Tuesday, August 23, 2005

The New Orleans Agnostics

Neutral grounds, lawns, and bumper stickers around New Orleans have been sporting signs that say simply, "Faith!" No, it's not a campaign to promote attendance at mass in this historically Catholic city. To locals, the black and gold lettering is the giveaway that this is a desperate campaign to promote sales of Saints football tickets.

Unfortunately, Saints owner Tom Benson has in the last few years been trying to milk this tax-poor city to further increase his private dole of public money. He's already guaranteed a yearly $15 million payment from the state. He lowered his demand for a new stadium, mercifully, but he still wants the city and state to pay for a $170 million renovation of the Superdome or he'll take the Saints to another market like Los Angeles.

Unfortunately, in one of the poorest states in the nation, and with New Orleans anxiously trying to come up with a shortfall of $48 million in the school system, the mega-millionaire's campaign to increase his take of taxpayer money has soured the attitudes of thousands of sucker fans who prayed year after year for a winning team. Saints fans had faith - once upon a time. Tom Benson turned them into agnostics.

Benson's strategy has been been to play coy with with Governor Kathleen Blanco, who ought to be concerned, rightfully, that she would be remembered as the governor who lost the Saints. Now Benson's gameplan appears to have changed. Nevertheless, Blanco has been a shrewd negotiator, explaining to citizens that if Benson wants public assistance, he ought to show what he's worth, and how much he makes from the Saints, just like any welfare recipient.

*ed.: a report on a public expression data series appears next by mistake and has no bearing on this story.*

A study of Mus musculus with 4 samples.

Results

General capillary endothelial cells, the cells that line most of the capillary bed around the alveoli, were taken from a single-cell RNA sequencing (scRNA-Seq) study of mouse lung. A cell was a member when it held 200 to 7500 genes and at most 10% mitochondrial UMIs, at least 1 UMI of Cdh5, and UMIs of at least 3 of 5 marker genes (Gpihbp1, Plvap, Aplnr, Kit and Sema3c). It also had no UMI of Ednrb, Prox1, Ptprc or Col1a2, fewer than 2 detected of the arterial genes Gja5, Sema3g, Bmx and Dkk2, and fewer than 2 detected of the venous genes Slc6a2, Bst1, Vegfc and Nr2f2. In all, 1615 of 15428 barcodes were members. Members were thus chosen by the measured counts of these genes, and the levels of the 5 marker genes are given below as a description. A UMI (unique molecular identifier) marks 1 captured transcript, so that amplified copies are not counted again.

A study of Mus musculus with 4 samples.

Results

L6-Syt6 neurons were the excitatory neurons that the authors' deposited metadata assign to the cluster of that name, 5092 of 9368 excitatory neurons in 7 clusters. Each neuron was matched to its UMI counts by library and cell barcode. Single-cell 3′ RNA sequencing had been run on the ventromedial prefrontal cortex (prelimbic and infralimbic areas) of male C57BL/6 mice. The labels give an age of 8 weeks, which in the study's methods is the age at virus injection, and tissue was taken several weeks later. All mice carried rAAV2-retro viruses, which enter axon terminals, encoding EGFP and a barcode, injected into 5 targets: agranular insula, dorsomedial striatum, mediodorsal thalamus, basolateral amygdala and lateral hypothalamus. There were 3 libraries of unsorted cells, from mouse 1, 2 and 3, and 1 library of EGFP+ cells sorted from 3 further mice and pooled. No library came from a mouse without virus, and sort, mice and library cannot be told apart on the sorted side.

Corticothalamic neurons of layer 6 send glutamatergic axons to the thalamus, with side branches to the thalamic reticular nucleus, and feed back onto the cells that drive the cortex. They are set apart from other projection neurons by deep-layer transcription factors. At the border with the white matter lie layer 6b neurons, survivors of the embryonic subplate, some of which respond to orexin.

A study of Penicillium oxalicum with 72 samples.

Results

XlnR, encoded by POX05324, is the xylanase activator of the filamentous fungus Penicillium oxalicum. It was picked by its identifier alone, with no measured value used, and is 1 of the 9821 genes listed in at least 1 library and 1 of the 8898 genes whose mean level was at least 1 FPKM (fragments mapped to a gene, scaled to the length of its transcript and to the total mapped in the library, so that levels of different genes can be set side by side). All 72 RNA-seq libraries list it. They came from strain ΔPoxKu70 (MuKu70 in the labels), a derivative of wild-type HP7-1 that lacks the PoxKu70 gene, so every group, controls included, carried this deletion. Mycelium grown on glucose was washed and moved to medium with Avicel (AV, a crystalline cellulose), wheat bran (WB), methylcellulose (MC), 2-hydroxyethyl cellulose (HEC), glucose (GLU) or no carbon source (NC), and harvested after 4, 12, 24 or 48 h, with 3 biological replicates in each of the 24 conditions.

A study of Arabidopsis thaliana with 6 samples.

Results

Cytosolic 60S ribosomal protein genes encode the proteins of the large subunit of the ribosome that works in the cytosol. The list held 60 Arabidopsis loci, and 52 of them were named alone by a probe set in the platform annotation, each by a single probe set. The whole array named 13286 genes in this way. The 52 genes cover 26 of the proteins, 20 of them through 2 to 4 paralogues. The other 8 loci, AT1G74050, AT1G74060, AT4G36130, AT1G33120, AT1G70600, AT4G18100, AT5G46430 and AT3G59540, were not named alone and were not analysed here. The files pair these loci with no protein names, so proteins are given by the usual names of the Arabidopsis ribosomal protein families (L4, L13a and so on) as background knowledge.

In his August 17 column, John Maginnis of Louisiana Politics explained the transformation of Tom Benson from coquette little girl to rich debutante:

When he broke off talks with the state in April, Benson said he would wait until the post-season before resuming negotiations. Part of what's happened, or not happened, since then is seen at the box office, where season ticket sales are running 20,000 below the highs of just a few years ago. ...

If attendance dips even an average of 10,000 per game, the loss of ticket, concession and parking revenue could easily top $750,000 per game, or $6 million for the season.

So now Benson wants to talk to Governor Blanco again. The whole debacle is best summed up in this frame from Greg Peter's Suspect Device (hat tip Right Hand Thief):

Elsewhere in People Get Ready, I've called for an end to the monopoly that sports franchises use to strongarm local governments into financing private for-profit projects.